About this drastic overload figure have I always wondered If it was possible actually by skipping all defencies!?

#12 Ricky


I suppose guns & ammo were among the 18,000lb removed. I would also guess that they loaded very little fuel - short missions, one-way trip - which would also help with the load

#13 Armand


The Aphrodite did. They took out 12,000lb of equipment and added 30,000lb of explosives which equates to an 18,000lb bombload


To Me it sounds like the Aphrodite experiments are the reason why the spec's of the B-17 has the overload-notice :-/

Edited by Armand, 05 November 2016 - 04:52 AM.


#14 Armand


#3:
The Bell Airacobra didn't catch popularity among US pilots and the same became the fact when it came into the hands of RAF pilots.
Talking about RAF: The British Spitfire is considered to be the epithome of a fighter aircraft.

Both aircraft was delievered to Soviet and the Soviet pilots preferred the Airacobra to the Spitfire :-o

#15 GregP


The Soviets viewed the air arm as simple ground support. The P-39 was a better ground attacker than the Spitfire by LONG shot. It had centerline guns and a hard-hitting cannon when compared with 8 x .303 MG, at least if it didn't jam. It also was not what the Spitifre really might be in Soviet use, and that is it wasn't "delicate." It could take some "hangar rash" and still be ready to fly. The Spitfire is rather easy to hurt and it takes some skill to repair it.

 

As an air-to-air bird, the P-39 was fine down low, and that's where the Soviet aircrews flew. The Spitfire was far and away a better pure fighter, faster, better armed and all the OTHER things we know it had over the P-39, but the Soviets were more concerned with support of ground troops than they were about killing German fighters.

 

Also, the Allison was pretty rugged when compared with the Merlin. That is, it would hold a tune longer (less mechanic time) and still be able to sortie with less maintenance. We also had spare parts available. I'm guessing that the UK needed their spares for their own Spitifres more than we needed spares for P-39s.

 

So it kind of fit their mold at the time ...



#16 Heräkulman Ruhtinas


The alleged Soviet use of P-39's in ground support role is a translation error.

 

They were deployed as air cover to ground-attack planes, as they were valued and regarded as high-value assets. That does not rule out their occasional strafing runs on targets of opportunity, but they were not used as ground attack planes. Soviets had better planes for that.




#4 Eating carrots does not make your night vision better. (or you need to eat A LOT of them to have any effect, probably you turn orange first, check "Brainiac" and human traffic light...) It was British cover story for public to disguise the presence of AI radar, they told that they have their night fighter crews in special diet with a lot of carrots. The public and the Germans fell for that and it is still "common knowledge" ... 




Hi Heräkulman,

 

That's not what I heard about the P-39 from Russian who were former VVS pilots. That being said, nothing says what they told me (the P-39 was a great ground attacker) was true.

 

Now I'm curious, but no time to pursue it just now. It should be an interesting thing to look into when I get the chance. It's fairly likely I'll find you are correct. I had never considered that as the real use they made of the P-39, so it'll be fun to find out for sure, assuming I CAN find out.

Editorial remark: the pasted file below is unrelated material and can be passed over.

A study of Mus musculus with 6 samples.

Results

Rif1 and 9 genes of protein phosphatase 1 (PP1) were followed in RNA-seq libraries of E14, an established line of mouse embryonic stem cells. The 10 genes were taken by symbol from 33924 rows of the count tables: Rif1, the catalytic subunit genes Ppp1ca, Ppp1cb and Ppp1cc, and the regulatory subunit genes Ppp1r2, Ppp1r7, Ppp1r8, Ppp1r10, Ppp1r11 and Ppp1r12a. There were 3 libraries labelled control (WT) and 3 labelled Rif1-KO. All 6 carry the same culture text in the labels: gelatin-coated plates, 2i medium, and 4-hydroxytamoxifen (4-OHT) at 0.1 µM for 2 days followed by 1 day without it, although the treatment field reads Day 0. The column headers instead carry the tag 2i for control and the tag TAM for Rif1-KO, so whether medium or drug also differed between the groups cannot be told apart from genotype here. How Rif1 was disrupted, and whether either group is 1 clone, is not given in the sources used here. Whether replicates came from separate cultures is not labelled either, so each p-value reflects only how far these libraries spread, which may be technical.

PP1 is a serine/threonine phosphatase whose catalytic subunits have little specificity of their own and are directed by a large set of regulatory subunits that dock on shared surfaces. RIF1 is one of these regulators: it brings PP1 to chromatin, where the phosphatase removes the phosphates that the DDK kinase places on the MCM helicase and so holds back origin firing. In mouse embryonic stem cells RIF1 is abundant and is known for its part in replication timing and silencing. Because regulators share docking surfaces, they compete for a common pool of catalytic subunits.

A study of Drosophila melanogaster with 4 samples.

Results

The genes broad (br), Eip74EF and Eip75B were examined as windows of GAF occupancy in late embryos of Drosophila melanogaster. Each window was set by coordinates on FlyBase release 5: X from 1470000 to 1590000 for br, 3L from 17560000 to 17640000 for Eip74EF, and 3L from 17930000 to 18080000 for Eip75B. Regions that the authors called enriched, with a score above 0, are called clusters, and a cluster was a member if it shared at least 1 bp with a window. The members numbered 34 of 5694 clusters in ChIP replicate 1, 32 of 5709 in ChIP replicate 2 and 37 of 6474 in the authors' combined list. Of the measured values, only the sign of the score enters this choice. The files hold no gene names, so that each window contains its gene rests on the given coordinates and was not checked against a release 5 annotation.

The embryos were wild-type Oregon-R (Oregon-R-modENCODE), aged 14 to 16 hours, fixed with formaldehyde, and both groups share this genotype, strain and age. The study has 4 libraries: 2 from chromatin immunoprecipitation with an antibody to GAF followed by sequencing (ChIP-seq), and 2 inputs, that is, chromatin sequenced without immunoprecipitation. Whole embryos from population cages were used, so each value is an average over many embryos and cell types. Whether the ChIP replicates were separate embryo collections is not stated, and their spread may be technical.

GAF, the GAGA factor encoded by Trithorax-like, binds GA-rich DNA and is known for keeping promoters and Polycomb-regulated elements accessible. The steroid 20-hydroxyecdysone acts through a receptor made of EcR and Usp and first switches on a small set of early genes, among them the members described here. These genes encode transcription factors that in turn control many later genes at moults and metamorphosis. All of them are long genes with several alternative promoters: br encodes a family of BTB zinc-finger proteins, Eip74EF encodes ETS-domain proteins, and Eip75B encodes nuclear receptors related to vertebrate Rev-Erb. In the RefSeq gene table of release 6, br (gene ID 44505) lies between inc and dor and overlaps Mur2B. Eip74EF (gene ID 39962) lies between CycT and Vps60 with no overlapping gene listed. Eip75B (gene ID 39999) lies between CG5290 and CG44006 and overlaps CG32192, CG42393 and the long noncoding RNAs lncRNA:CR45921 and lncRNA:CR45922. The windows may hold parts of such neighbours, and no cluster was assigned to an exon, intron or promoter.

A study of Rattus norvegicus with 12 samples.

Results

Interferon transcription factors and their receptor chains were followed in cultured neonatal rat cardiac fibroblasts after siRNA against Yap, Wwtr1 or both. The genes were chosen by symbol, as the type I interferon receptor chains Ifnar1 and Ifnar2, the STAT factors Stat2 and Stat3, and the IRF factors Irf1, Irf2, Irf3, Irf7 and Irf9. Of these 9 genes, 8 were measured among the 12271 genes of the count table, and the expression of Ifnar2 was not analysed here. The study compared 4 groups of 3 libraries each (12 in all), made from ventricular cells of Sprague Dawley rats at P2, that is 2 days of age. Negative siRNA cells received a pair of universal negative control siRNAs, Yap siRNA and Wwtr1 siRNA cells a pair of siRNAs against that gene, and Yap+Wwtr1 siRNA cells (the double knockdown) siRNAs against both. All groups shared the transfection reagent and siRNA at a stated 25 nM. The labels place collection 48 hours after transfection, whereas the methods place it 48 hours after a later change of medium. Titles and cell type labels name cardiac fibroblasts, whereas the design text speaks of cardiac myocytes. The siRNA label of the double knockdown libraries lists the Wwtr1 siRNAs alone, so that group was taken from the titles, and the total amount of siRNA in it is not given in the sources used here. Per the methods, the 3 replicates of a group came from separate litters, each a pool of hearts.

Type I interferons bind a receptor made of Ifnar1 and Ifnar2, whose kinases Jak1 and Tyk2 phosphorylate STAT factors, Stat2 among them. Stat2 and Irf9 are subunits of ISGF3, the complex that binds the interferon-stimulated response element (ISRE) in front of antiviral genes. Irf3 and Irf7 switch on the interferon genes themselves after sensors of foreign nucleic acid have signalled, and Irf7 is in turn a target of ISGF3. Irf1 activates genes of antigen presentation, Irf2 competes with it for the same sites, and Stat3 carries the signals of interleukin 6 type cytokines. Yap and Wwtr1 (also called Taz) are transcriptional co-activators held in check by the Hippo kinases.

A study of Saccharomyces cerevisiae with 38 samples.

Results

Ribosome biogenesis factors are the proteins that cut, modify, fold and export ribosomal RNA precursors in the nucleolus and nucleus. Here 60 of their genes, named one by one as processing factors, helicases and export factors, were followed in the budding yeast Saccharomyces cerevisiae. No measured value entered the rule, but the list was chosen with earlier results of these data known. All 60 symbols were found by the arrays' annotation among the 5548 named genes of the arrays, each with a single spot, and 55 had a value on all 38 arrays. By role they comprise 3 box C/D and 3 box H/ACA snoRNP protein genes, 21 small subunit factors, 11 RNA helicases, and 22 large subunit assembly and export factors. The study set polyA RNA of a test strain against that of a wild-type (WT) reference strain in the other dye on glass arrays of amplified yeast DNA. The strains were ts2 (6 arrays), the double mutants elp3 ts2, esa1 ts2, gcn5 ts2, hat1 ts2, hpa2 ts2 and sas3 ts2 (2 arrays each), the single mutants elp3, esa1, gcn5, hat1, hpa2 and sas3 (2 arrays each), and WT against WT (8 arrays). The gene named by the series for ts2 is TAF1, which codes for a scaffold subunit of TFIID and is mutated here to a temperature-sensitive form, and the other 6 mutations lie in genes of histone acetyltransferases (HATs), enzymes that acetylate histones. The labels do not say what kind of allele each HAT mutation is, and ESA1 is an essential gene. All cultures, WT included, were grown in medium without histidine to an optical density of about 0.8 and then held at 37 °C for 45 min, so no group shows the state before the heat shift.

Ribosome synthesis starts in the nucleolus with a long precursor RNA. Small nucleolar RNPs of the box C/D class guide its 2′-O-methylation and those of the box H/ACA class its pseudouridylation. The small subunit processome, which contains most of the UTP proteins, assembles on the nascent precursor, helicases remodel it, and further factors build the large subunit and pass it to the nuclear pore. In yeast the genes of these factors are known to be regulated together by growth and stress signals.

#19 Kutscha


Herk is correct Greg.

 

Russian pilots flew the P-39 Airacobra as "air superiority fighters," and at the low to medium altitudes of air combat on the Eastern Front, they did so with considerable success, against German Fw 190s and Bf 109s. The 216th Fighter Division (later 9th Guards Fighter Division) flew Airacobras from August, 1942 to the end of the war in May, 1945 and counted 28 aces with at least 15 victories.

 

http://acepilots.com..._airacobra.html

 

There is this book Attack of the Airacobras: Soviet Aces, American P-39s, and the Air War Against Germany (Modern War Studies)

https://www.amazon.c...k/dp/0700616543

 

Focusing on the combat operations and daily life of one unit—the 9th Guards Fighter Division—Loza refutes the myth that the P-39 was used mainly as a "tank buster" or "flying artillery." Instead, its primary mission was to protect Red Army operations from aerial attacks by the enemy. So despite the occasional strafing of trains, truck convoys, and troops, most P-39 operations involved attacks on Luftwaffe bombers and dogfights with their fighter escorts.




The Soviets viewed the air arm as simple ground support. The P-39 was a better ground attacker than the Spitfire by LONG shot. It had centerline guns and a hard-hitting cannon when compared with 8 x .303 MG, at least if it didn't jam. It also was not what the Spitifre really might be in Soviet use, and that is it wasn't "delicate." It could take some "hangar rash" and still be ready to fly. The Spitfire is rather easy to hurt and it takes some skill to repair it.

 

From what I understand the 37mm wasn't all that hard hitting, and that many were changed for 20mm Hispanos (not sure about Soviet service).

 

And by the time the Spitfire was being sent to the Soviet Union they were no longer fitted with 8 x 0.303", the standard fitment being 2 x 20mm and 4 x 0.303".